Ambac Financial Group, the bankrupt holding company for bond insurer Ambac Assurance Corp., filed a plan of reorganization in bankruptcy court this week, but quickly came under criticism from the Wisconsin regulator in charge of overseeing Ambac Assurance.
Ambac Financial, which voluntarily filed for Chapter 11 last November, has struggled to devise a plan that both Ambac Financial and the Wisconsin Office of the Commissioner of Insurance (OCI) can agree on.
In a statement, Wisconsin rehabilitator Theodore Nickel, who oversees the segregated account of Ambac Assurance, said he "does not believe that the reorganization plan proposed by Ambac Financial is in the best interests of policyholders of the segregated account, or for that
matter, those of the Ambac Financial creditors."
The OCI rehabilitator added that he engaged in discussions for several months with Ambac Financial and its bankruptcy creditors committee to see if mutually agreeable terms could be arrived at, but it seems no such agreement has been met.
"Despite the rehabilitator's best efforts to facilitate a fair resolution of issues, the parties reached an impasse," he wrote, adding that Ambac Financial filed a proposed plan to restructure debt "on terms which are inconsistent with the consensual direction of the recent negotiations with the rehabilitator."
The statement said the plan would "employ litigation to try to divert value from the segregated account. The rehabilitator will vigorously contest that litigation."
The Wisconsin regulator has been active in efforts to reach an agreement between Ambac Financial and Ambac Assurance since they became involved in their dispute. The regulator also oversees the segregated account, which was established in March 2010, to separate certain liabilities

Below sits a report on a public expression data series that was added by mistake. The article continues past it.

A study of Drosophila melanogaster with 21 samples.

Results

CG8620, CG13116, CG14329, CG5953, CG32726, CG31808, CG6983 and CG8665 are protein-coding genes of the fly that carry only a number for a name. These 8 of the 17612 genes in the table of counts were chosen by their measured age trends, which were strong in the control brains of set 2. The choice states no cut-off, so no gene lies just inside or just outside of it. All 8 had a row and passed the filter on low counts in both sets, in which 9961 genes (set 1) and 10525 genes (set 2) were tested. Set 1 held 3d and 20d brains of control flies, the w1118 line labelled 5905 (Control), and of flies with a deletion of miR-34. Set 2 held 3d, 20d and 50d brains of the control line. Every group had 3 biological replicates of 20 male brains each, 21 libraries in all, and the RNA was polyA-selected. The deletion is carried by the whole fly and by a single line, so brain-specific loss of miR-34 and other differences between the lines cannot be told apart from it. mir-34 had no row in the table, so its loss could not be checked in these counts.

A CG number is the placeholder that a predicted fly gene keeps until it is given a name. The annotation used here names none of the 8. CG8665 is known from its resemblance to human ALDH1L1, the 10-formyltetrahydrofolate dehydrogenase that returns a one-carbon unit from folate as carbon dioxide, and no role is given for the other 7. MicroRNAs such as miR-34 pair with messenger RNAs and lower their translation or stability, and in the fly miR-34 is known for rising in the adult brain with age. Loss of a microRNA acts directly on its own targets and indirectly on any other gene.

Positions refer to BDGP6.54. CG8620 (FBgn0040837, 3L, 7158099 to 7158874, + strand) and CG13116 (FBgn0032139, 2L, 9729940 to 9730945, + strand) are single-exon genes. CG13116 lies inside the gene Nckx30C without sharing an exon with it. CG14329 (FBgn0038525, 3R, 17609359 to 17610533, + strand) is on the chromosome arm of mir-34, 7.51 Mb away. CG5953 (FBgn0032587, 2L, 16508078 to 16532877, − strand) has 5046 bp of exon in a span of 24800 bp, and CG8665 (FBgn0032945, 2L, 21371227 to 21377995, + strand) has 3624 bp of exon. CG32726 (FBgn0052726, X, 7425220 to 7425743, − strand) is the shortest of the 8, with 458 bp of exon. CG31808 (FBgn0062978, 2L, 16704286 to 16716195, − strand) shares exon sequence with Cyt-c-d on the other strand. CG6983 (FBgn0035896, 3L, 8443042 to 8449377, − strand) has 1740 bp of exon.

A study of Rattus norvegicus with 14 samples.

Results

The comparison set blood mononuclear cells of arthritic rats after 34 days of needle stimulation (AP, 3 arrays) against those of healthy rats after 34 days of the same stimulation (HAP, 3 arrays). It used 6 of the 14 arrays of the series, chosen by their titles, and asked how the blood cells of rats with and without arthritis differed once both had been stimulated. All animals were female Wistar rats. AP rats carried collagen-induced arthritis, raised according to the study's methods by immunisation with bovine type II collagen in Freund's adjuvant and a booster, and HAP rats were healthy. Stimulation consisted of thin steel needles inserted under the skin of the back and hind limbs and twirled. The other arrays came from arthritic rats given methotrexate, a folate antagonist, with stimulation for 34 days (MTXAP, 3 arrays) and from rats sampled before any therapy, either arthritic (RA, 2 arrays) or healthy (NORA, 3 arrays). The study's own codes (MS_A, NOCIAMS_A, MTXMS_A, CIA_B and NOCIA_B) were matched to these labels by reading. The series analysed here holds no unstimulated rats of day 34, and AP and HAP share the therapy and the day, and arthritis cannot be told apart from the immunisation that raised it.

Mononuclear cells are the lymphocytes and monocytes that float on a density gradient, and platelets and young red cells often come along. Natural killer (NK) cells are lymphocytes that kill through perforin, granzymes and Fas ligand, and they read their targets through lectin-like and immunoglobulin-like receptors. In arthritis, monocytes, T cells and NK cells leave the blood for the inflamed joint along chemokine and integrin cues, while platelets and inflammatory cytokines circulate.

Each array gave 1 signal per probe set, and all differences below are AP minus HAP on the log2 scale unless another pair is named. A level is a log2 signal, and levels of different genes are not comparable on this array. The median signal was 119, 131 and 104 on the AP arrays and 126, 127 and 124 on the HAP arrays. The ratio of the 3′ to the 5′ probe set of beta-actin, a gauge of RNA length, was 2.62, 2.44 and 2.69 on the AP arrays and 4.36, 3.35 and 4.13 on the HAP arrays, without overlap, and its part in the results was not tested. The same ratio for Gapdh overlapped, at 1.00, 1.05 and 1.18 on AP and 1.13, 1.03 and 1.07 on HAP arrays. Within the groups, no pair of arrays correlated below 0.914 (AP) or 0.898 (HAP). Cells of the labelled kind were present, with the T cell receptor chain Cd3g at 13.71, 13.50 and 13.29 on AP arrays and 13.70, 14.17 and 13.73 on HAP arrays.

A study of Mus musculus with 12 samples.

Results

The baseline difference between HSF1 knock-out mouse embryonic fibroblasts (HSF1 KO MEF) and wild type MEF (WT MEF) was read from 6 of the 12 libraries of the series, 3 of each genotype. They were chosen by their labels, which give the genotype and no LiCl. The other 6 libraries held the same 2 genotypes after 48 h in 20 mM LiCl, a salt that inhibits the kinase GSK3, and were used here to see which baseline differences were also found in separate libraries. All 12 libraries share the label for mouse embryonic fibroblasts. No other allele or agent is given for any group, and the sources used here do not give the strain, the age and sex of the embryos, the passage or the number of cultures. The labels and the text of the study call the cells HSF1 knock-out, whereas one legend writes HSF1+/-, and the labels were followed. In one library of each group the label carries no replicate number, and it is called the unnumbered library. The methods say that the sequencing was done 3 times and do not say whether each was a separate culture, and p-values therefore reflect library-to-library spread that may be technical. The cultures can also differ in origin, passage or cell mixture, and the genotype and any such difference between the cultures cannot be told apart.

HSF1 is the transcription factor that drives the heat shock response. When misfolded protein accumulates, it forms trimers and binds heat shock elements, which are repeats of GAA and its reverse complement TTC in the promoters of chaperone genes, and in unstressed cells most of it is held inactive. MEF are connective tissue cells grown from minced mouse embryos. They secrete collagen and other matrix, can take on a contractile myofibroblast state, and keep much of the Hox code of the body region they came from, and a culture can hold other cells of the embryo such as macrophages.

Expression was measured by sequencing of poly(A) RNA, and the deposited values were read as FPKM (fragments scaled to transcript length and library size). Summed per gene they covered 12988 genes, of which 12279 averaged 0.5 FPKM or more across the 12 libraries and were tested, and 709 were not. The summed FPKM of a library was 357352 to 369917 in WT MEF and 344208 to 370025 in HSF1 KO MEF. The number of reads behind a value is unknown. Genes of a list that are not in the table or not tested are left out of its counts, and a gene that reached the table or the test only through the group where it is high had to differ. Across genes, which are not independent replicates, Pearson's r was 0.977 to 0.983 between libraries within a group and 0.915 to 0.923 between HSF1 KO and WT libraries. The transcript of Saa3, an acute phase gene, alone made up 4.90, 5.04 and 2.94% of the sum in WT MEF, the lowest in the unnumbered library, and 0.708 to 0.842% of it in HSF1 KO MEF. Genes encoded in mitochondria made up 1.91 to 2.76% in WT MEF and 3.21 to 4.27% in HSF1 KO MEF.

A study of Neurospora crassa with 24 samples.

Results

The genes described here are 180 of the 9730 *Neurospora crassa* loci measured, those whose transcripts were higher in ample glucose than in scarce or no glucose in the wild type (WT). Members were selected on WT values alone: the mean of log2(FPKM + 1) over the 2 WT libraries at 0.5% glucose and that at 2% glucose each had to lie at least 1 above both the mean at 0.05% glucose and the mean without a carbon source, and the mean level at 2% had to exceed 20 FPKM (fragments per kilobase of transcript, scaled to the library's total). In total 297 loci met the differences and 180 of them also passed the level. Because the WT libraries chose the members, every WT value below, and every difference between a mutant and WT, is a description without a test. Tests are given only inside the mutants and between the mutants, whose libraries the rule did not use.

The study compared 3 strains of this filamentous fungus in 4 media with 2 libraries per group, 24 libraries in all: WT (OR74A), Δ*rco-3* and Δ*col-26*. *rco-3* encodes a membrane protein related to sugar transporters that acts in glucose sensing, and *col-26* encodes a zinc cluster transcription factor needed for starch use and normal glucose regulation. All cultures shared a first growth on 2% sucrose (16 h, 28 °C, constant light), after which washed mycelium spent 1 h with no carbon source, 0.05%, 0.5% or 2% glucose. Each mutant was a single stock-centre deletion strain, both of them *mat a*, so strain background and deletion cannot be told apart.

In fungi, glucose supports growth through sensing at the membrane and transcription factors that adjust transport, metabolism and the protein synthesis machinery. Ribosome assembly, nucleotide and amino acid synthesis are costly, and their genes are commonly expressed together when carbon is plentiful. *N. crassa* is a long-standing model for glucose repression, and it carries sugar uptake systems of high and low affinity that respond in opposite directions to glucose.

that presented serious financial hazards to the company and its policyholders. It holds about $50 billion in policies.
Last May, the Wisconsin regulator proposed a plan that Ambac Financial found unacceptable, and Ambac responded by saying it would submit its own plan by the July deadline "with or without the agreement of the OCI."
At that time, lawyers for Ambac Financial said that bankruptcy plan was "very disappointing and the credits committee found it disappointing too."
Lawyers representing Ambac Financial at Dewey & LeBoeuf then said if a deal with the insurance office was not included in the new plan, they may have to resort to litigation. The lawyers did not return calls seeking comment on the new plan of reorganization.
The Wisconsin regulator also recently appointed Roger Peterson as a special deputy commissioner for the company's segregated account, effective July 1. Peterson reports to Nickel. He now focuses solely on his new role, having resigned as deputy administrator of the OCI's division of regulation and enforcement.
Peterson is responsible for oversight and strategic management of the segregated account, including developing its business plans, goals and priorities. He also will manage its loss-mitigation efforts, litigation strategies, and surplus note issuance and payments.
When Peterson was hired, Ambac said he "will act for the benefit of policyholders and will not take into account the interests of security holders of Ambac Financial Group, or holders of preferred shares of Ambac Assurance."
Ambac Assurance ran into serious trouble in late 2007 because of decaying credit quality in its structured finance policies, which included contracts guaranteeing to cover losses on mortgage bonds and credit default swaps.